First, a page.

In a career-defining game, Giannis Antetokounmpo scores 50 and gets just enough help from his teammates to oust Phoenix in Game 6.
Giannis Antetokounmpo averaged 35.2 points, 13.2 rebounds and 5.0 assists in The Finals.
MILWAUKEE — The countdown to 50 years between championships began with 35 seconds remaining in the dry spell, when the sellout crowd inside Fiserv Forum began to chant “Bucks in Six” in perfect pitch and harmony. On the outside, where half of Wisconsin gathered, the screams rose up and the beer went down.
And on the floor, Giannis Antetokounmpo waved his arms and therefore gave the signal that it was time. Time for Giannis to join an elite group of historically special players. Time for the NBA Finals to creep to a close after six mostly suspenseful games. Time for Khris Middleton and P.J. Tucker, Jrue Holiday and Mike Budenholzer to become a bit choked up and find someone to hug.
Time for the Milwaukee Bucks to announce themselves as champions for the second time in their history and first since 1971.
Seeing how it developed and progressed and especially how it ended, with an electric Game 6 that was authored by a player who instantly became a legend, it was well worth the wait. The Bucks rallied from 0-2 in the series and never looked back — well, actually, maybe they did a few times nervously along the journey — and then put the Suns away Tuesday night with a closing 105-98 victory that made a city shiver.
The victory and the title was mostly made possible by the brilliance of Giannis, a force on each end of the floor throughout the series, and who saved his best for last. Giannis scored 50 points, reaching that round figure on a made free throw — who would’ve thunk it? — and added 14 rebounds and five blocked shots. It was an immortalized effort by Giannis that surely earned him a spot among those who walked before him.
“Sweat and sacrifice,” Giannis said, choking up. “So much sacrifice.”
Giannis Antetokounmpo reflects on his and the Bucks’ journey to their first NBA title together.
In The Finals, Giannis had a pair of 40-pieces as well, but what made this game special was the manner in which he toppled the Suns: He made 17 of 19 free throws, an astonishing display of efficiency by a player whose free throws were mocked by road crowds and also struggled to swish through the nets.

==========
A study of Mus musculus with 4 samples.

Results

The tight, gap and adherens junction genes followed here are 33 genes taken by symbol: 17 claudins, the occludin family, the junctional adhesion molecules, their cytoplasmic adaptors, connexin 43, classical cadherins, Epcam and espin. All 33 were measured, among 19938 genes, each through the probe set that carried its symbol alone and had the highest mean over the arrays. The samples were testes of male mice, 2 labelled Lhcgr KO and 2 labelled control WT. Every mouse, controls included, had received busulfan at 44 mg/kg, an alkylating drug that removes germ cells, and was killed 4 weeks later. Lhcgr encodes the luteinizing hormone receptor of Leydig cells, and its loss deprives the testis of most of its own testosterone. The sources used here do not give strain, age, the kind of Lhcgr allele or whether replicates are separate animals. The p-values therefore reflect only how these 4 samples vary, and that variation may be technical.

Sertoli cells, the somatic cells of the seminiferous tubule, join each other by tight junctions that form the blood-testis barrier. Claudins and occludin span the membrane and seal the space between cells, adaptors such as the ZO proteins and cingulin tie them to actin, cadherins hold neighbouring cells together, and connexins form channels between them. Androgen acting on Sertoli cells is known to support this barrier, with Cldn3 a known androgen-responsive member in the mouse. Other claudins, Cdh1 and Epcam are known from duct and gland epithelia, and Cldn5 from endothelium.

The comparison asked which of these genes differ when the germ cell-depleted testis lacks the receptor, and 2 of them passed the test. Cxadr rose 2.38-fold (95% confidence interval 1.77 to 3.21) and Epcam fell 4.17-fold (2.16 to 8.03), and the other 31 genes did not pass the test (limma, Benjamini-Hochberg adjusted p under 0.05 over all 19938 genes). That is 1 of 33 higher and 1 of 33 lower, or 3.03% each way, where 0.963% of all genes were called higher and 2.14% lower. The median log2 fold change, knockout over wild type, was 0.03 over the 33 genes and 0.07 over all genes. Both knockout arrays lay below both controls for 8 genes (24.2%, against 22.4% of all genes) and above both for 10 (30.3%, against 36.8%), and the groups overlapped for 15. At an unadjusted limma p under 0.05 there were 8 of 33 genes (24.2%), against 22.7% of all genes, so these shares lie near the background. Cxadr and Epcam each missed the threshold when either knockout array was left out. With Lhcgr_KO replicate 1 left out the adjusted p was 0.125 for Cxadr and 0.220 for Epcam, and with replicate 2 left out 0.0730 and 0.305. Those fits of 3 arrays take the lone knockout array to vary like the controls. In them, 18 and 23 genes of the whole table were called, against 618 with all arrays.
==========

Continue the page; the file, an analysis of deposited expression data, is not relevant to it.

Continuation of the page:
“I made them when I’m supposed to,” he joked.
Also, it was an affirmation that Giannis did right by himself, and the franchise, when he signed a contract extension in 2020 and delivered the championship that eluded these Bucks, who had nothing to show for their recent efforts except shiny regular-season records — until now.
“I could go to a super team and do my part and win a championship,” said Giannis, whose potential free agency had teams clearing cap room to make a run at him. “But this is the hard way to do it and we did it.”
He added: “There was a job that had to be finished … this was my city. They believed in me. So many people believed in me and helped me get to this point. I’m in the people business and I don’t want to let people down.”
Are there any historical comparisons to what Giannis just did? Maybe the best is 2011 Dirk Nowitzki, who took a Dallas Mavericks’ team that lacked another superstar-in-prime and beat the Big Three of Miami. Another is 1975 Rick Barry, who tug-boated the Warriors. But neither had their fingerprints on both the offensive and defensive end quite like Giannis, a two-time Kia MVP and former Kia Defensive Player of the Year and now, Finals MVP.
Budenholzer said: “It was the way he did everything, stepped up, the poise, the confidence, the leadership. He’s off the charts. It’s hard to find more words what Giannis does.”
It would be a bit unfair to totally attach this title to Giannis, though. This was also a product of the relationship he developed over the last eight years with Khris Middleton, and their trust and chemistry and respect for each other was apparent throughout the series. Giannis yielded to Middleton by choice and often by necessity and it worked: Middleton constantly torpedoed the Suns with mid-range jumpers and seemed to get buckets whenever the Bucks needed one.
Giannis Antetokounmpo scores 50 points with 14 rebounds and 5 blocks in a historic closeout performance.